Adam Francilia is not a goalie coach by title — he is a trainer who has worked with different NHL skaters — but is likely more known for his work with many NHL goalies. He is a goalie consultant with the San Jose Sharks, but he is free to train and consult with individual goalies.
Francilia’s methods and success led Oilers veteran goaltender, Mike Smith, to partner up with Francilia this off-season.
Yesterday, Kevin Woodley, from In Goal Magazine, and I discussed Smith’s decision to team up with Francilia.
“Adam has worked with a ton of NHL goaltenders,” said Woodley. “The most famous example is Connor Hellebuyck. He worked with him the first time before he had his first Vezina nomination and continuously throughout. He’s working with Matt Murray and some other NHL veterans. Mike moved back to Kelowna this summer with his family and started working with him.”
What was the reasoning?
“I don’t know if at this point in his career, you are going to see massive changes in Mike Smith,” said Woodley. “There are things he’s done, and done successfully for a long time in how he plays that I don’t think you will make wholesale changes to. I will say the work that Adam does in terms of biomechanics, the physiology of goaltending and balance and tracking and how these things all tie with stance, footwork, and hands and maintaining active hands will fit well with the philosophy of Dustin Schwartz (Oilers goaltending coach). As soon as I heard they were working together I thought this was a good thing for the Edmonton Oilers.
“I don’t think it will be to the point where they ask Mike Smith to re-invent himself, but the positive is that at this stage of his career Smith is open, and seeking change, to try and get better. There are many goalies younger than him, and less established, who have stopped doing that.”
Smith is always in great shape physically. Commitment and dedication is the main reason he is still in the NHL at 38 years of age. But there has to be a reason he teamed up with Francilia.
So I asked Woodley: what do you think they will work on?
“It would be easy if they just tell me (laughs),” said Woodley. “My guess is it would be from a balance standpoint. I don’t know if Mike is going to narrow up his stance. To quote Ian Clark (Canucks goalie coach) ‘Too low, too wide and too soon,” is a recipe for disaster as the game goes more east-west.
“I would think you will see it in Smith’s balance. If it is working well he will be more balanced and that will show up maybe in stance, maybe in hand positioning, and where it will show up the most noticeably, my guess would be in the amount of times Mike ends up splayed out on his belly. Because those are tied to those other elements of balance. If you get too wide, if your hands come too far back, you are going to end up…when you react and turn and reach, your balance pitches forward.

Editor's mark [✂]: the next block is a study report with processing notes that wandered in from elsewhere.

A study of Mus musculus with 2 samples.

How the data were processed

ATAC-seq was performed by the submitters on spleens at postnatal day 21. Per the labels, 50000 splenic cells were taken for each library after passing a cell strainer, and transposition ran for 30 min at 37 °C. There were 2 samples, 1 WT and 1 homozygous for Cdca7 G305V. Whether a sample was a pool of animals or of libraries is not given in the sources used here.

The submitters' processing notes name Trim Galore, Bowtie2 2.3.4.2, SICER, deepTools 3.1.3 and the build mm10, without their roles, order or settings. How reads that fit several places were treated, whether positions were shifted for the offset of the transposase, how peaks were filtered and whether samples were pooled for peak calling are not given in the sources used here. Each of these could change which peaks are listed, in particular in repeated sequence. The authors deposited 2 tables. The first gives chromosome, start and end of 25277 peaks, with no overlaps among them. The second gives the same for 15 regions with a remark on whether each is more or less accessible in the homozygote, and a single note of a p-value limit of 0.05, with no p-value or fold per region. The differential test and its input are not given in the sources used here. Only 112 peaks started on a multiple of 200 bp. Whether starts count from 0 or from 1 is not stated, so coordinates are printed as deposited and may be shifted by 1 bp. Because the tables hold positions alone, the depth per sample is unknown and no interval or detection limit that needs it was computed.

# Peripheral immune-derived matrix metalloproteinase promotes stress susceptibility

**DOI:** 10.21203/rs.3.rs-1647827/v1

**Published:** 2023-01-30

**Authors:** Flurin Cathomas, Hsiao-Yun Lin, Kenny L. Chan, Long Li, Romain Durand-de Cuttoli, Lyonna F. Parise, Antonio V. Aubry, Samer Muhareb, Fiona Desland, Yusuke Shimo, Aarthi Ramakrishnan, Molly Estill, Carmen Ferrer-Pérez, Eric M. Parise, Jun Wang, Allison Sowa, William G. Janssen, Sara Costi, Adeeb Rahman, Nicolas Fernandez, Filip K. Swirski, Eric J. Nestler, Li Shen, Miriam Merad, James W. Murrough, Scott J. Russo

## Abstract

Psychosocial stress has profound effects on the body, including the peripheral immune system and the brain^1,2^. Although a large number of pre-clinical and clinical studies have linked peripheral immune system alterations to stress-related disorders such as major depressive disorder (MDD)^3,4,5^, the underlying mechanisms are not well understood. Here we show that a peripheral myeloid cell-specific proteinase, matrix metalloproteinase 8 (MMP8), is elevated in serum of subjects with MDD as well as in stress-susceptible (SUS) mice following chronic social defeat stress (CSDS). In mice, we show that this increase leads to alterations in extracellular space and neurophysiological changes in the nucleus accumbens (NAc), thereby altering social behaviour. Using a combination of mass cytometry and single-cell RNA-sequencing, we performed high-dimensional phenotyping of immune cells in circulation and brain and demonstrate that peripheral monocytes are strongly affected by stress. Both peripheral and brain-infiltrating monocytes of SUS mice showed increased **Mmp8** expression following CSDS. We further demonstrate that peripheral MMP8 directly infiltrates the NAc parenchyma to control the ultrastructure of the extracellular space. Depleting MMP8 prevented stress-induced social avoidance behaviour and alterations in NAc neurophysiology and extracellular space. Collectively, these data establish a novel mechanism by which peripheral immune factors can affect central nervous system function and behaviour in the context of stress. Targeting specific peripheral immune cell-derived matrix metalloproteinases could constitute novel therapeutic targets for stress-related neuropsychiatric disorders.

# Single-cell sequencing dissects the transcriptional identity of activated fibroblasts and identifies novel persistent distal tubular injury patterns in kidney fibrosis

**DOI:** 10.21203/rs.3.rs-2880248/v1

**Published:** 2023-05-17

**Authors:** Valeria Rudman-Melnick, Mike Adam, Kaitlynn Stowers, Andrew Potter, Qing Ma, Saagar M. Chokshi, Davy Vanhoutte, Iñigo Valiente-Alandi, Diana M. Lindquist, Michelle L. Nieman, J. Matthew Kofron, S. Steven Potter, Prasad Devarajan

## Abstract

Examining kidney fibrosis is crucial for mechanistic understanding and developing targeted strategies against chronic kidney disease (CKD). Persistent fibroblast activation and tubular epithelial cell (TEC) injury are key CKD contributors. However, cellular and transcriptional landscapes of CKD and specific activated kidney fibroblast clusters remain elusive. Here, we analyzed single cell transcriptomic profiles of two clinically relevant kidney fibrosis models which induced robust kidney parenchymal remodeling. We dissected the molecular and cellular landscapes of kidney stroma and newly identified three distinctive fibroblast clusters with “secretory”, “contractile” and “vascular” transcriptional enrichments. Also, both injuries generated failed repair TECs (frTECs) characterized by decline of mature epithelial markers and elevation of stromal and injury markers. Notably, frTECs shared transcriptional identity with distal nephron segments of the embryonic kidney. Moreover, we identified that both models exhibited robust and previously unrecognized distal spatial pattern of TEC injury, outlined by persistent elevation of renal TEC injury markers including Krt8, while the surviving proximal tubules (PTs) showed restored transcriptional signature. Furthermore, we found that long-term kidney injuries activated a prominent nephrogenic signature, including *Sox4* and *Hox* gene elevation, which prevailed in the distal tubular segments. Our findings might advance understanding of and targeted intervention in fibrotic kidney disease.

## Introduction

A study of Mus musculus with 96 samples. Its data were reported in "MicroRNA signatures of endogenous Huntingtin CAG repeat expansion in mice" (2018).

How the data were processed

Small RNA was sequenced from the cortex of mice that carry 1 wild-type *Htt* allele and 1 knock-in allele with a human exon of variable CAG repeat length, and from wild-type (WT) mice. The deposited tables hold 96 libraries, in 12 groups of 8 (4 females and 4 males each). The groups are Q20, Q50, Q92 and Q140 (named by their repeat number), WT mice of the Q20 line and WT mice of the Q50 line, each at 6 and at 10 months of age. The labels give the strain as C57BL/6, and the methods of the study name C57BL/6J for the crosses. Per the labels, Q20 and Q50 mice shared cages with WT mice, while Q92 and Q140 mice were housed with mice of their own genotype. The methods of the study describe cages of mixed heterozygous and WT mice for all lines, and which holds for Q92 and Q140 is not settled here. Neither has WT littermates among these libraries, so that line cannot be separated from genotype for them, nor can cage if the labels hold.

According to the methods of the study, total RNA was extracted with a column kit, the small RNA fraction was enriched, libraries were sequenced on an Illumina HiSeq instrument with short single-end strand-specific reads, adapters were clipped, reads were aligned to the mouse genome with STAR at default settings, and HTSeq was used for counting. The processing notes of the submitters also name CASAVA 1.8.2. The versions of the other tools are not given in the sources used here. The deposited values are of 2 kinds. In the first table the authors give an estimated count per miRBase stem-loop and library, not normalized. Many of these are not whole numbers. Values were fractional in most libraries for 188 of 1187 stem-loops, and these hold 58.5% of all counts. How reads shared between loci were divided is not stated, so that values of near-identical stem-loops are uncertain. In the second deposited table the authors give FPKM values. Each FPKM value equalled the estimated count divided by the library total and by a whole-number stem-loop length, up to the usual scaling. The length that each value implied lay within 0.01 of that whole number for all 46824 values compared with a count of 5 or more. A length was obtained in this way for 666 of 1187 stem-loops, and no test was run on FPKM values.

“It is the same thing we used to see in Vancouver with Roberto Luongo. They used to call it the Lou flop. It was all tied into the biomechanics in how you move, how you watch the puck, how you let the puck come to you. You either maintain balance longer, or you get extended and the only way to access pucks or to extend further is to allow your body to pitch forward.
“But remember, you don’t want to take the compete out of Mike’s game. Sometimes when you battle you are going to end up in scramble situations, so it’s not like ending up in that position is a bad thing all the time, because he competes like crazy and that is important. I guess it would be more so how soon in a sequence you see him end up in that position,” Woodley said.
Some wonder how, if at all, does this impact what Smith does with Oilers goalie coach Dustin Schwartz.
“I’m familiar with what Adam does and I think it will do good things for Smitty,” said Schwartz. “His (Francilia) focus on core strength, the extremities of the body and the flexibility in those parts, the core strength for balance…all those things will be beneficial to allowing Smitty to maybe adjust his posture and stance just to keep him a bit more mobile, and like you said, off his stomach a bit. I know goalies Adam has worked with in the past, and I’ve coached them and they all speak very highly of Adam.”
Schwartz has no qualms or concerns about Smith, or any of his goalies, working with a new trainer or even a goalie coach in the off-season. He sees it only as a positive.
“I give Mike credit for being open to new ideas at 38 and trying to help extend his career and become better. Mike is a great example for younger players, and any of us in society, that improving never ends. We should always be looking to improve,” he said.
I’ve learned a lot about the goalie position the past few years in my weekly conversation with Woodley on TSN 1260. There is so much more that goes into being a goalie than I think most of us non-goalies realize. Remember that Mikko Koskinen’s glove hand was a hot topic. Turns out it wasn’t simply his glove hand, but more being inefficient in his positioning and stance that put him in bad positions where his glove side became exposed.
We saw big improvements in that area last year with Koskinen, and when the season begins I’m curious to see if Smith’s connection with Francilia will reduce the time he spends on his stomach. As Woodley said, it’s not to eliminate it completely, because being aggressive is how Smith has stayed in the league this long, but simply reduce those situations.